Networking is an essential method for developing productive and sustainable business relationships. For many people, networking seems to mean building large lists on their social media platforms like Facebook, Pinterest, Twitter and Instagram. Others believe that attending every organized networking event in town and handing out as many business cards as possible is the way to go. Effective networkers know that building trusted relationships with individuals where natural business collaboration opportunities exist is the most effective way to use networking for business development.

The truth is that all of the above are required to build and nurture an effective network. Like any marketing system, networking is a layered, iterative process that includes several key steps. Casting a wide net is important in marketing to help ensure that your message reaches the largest possible audience. Social media and email marketing tools are helpful to building lists and keeping them alive with occasional thought-provoking topics and news announcements. From a business development perspective, we’ll call this step one.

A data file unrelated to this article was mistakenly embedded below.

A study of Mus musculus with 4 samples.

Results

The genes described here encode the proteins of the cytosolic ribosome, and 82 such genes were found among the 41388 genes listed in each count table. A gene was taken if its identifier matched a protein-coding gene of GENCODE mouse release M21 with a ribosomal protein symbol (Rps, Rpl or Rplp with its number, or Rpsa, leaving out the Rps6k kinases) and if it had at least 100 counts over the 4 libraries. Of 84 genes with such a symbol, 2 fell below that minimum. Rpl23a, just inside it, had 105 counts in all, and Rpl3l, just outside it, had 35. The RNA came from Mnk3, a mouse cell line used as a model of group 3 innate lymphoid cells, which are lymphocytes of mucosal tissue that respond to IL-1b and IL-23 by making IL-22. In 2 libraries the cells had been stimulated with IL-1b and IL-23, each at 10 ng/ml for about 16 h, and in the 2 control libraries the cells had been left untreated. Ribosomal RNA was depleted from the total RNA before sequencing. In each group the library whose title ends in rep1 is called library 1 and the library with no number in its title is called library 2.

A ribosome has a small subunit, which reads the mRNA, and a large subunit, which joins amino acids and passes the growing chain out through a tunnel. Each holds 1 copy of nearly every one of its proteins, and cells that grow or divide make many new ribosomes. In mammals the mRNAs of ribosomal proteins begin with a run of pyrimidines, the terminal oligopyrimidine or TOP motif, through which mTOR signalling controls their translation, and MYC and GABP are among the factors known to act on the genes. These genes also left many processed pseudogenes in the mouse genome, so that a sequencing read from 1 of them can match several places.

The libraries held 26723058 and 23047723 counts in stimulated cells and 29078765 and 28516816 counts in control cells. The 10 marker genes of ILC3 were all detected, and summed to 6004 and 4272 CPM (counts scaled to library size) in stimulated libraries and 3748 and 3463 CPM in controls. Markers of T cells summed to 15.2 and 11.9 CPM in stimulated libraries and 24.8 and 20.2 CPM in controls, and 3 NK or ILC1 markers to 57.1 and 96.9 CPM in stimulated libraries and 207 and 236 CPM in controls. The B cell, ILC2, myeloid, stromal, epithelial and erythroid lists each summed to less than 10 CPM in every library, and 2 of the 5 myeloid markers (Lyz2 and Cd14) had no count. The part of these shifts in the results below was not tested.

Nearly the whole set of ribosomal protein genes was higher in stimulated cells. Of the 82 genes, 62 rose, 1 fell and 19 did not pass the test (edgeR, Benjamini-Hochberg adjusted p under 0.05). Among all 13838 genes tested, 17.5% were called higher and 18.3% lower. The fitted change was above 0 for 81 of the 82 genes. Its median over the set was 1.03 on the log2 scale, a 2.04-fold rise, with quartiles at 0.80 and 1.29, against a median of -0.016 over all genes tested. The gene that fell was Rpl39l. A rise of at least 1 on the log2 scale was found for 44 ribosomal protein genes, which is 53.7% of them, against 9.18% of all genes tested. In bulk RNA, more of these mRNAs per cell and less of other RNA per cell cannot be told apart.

If step one is all about building lists of prospective networking partners, then step two is making a personal impression. This literally means showing up at networking events and meetings to introduce yourself so that people become of aware of you and the value you offer to them and people they might know. Repeating this action builds relationships as people get to know you personally and become more comfortable reflecting your message and value to others. Some will immediately make the right connection, but most will not and for them it takes time.

Step three is developing and nurturing relationships. This only happens one-on-one. All the social media and group meetings combined cannot develop effective, meaningful trusted relationships as well as personal face-to-face conversations can. Of course, you can only meet so many people in one day so this requires a very selective approach. In the beginning, if you are new to networking in your area you cannot afford to be too choosy until you establish a reputation and a networking presence. However, as quickly as possible you will want to meet with people who appear to offer the greatest return on your investment in time and relationship building efforts over time. In this stage, you are not looking for leads or sales opportunities as much as you are building a rapport and a personal relationship with the other party. Turn on the sales mode too soon and you are likely to turn them off.